A judge in Northern California dealt a blow this week to a controversial campaign to make teachers more accountable for their students' level of achievement, the second key setback in recent months for those behind the effort. The ruling by Contra Costa County Superior Court Judge Barry Goode went against the Bay Area group Students Matter. The group's lawsuit aimed to force 13 school districts, including seven in Southern California, to make student standardized test scores a key part of teacher evaluations. Students Matter had hoped to build on a 2012 ruling against the Los Angeles Unified School District, which led to a settlement under which test scores were supposed to become part of teacher evaluations. But in Doe vs. Antioch, the case decided this week, the judge concluded that districts had broad discretion over how to use test results.
In this article, we describe a deployed educational technology application: the Criterion Online Essay Evaluation Service, a web-based system that provides automated scoring and evaluation of student essays. Criterion has two complementary applications: (1) CritiqueWriting Analysis Tools, a suite of programs that detect errors in grammar, usage, and mechanics, that identify discourse elements in the essay, and that recognize potentially undesirable elements of style, and (2) e-rater version 2.0, an automated essay scoring system. Critique and e-rater provide students with feedback that is specific to their writing in order to help them improve their writing skills and is intended to be used under the instruction of a classroom teacher. All of these capabilities outperform baseline algorithms, and some of the tools agree with human judges in their evaluations as often as two judges agree with each other.
Writing a good essay typically involves students revising an initial paper draft after receiving feedback. We present eRevise, a web-based writing and revising environment that uses natural language processing features generated for rubric-based essay scoring to trigger formative feedback messages regarding students' use of evidence in response-to-text writing. By helping students understand the criteria for using text evidence during writing, eRevise empowers students to better revise their paper drafts. In a pilot deployment of eRevise in 7 classrooms spanning grades 5 and 6, the quality of text evidence usage in writing improved after students received formative feedback then engaged in paper revision.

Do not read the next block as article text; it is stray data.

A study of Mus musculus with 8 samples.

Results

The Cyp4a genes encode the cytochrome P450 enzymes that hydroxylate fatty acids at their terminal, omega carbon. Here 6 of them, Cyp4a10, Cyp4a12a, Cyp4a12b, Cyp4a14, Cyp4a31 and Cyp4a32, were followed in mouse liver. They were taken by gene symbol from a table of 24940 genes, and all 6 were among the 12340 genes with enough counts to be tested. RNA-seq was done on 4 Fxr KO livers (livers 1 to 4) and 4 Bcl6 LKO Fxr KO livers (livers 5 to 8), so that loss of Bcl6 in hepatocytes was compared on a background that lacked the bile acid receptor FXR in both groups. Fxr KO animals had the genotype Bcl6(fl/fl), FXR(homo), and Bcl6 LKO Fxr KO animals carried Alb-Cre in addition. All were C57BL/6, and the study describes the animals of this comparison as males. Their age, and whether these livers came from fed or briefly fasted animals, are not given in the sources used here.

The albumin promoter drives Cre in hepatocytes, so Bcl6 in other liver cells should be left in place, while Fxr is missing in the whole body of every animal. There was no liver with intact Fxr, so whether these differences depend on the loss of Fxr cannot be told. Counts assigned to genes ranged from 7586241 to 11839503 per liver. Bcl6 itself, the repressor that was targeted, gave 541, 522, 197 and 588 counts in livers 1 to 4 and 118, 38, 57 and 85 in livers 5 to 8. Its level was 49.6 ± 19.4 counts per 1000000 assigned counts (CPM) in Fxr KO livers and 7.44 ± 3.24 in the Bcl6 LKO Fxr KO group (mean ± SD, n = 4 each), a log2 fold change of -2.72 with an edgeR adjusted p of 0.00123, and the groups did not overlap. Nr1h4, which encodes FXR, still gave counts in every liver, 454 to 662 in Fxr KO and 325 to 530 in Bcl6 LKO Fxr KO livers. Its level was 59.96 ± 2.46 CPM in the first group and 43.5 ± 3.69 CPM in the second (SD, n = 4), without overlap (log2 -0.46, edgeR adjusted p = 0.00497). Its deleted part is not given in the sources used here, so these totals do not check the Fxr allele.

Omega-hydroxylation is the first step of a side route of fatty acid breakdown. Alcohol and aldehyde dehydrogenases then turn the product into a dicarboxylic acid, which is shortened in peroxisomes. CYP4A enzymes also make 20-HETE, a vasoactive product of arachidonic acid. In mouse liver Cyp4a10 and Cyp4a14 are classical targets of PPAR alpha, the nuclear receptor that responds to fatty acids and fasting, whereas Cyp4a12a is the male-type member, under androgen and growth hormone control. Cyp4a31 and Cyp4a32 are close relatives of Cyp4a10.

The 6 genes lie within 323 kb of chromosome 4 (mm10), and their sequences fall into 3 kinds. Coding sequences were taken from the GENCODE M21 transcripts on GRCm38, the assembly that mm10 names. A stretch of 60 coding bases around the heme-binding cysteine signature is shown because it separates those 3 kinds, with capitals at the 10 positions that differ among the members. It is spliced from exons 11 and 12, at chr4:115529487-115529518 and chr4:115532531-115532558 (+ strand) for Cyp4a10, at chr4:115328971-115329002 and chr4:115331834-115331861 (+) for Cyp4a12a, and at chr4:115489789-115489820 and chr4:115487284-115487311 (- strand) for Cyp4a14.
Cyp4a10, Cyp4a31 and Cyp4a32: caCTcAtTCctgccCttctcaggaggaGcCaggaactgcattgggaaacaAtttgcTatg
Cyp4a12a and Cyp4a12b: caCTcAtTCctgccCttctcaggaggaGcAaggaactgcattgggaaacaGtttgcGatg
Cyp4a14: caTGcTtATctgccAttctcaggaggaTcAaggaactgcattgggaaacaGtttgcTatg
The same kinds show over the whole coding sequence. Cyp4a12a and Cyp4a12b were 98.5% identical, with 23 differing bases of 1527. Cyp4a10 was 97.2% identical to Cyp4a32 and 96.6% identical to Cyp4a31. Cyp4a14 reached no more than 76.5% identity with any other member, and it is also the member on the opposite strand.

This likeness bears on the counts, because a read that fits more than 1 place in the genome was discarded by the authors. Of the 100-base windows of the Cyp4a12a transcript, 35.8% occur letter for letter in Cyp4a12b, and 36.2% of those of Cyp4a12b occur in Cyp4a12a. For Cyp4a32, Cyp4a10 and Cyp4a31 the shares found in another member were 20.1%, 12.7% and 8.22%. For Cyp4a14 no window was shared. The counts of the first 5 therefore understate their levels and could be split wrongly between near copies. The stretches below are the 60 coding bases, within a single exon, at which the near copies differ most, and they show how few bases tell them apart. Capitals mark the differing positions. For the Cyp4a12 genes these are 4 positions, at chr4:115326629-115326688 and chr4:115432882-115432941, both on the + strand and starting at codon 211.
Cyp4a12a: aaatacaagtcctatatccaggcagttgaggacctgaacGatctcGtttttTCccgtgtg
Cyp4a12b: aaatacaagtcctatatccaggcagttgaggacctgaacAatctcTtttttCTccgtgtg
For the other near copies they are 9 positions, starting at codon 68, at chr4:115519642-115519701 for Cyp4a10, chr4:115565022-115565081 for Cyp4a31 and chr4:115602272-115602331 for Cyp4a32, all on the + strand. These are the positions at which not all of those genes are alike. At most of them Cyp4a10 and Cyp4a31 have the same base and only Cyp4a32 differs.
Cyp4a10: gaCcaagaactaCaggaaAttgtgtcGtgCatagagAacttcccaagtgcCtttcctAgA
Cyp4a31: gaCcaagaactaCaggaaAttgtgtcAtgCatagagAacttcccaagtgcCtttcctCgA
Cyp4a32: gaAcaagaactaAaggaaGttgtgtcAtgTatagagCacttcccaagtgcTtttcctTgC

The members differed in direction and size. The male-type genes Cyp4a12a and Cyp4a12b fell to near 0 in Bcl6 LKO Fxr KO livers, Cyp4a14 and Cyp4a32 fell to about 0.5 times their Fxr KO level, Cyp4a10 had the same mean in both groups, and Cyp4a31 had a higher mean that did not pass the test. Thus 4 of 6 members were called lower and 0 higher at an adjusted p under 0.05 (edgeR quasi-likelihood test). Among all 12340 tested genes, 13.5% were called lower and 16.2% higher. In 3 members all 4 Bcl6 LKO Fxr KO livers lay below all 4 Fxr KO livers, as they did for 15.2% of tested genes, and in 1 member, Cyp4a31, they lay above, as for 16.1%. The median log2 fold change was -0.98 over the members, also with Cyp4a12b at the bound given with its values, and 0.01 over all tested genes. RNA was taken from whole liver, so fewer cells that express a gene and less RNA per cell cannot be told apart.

Roscoe, Rod D. (Arizona State University) | Crossley, Scott A. (Georgia State University) | Snow, Erica L. (Arizona State University) | Varner, Laura K. (Arizona State University) | McNamara, Danielle S. (Arizona State University)
Automated essay scoring tools are often criticized on the basis of construct validity. Specifically, it has been argued that computational scoring algorithms may be unaligned to higher-level indicators of quality writing, such as writers’ demonstrated knowledge and understanding of the essay topics. In this paper, we consider how and whether the scoring algorithms within an intelligent writing tutor correlate with measures of writing proficiency and students’ general knowledge, reading comprehension, and vocabulary skill. Results indicate that the computational algorithms, although less attuned to knowledge and comprehension factors than human raters, were marginally related to such variables. Implications for improving automated scoring and intelligent tutoring of writing are briefly discussed.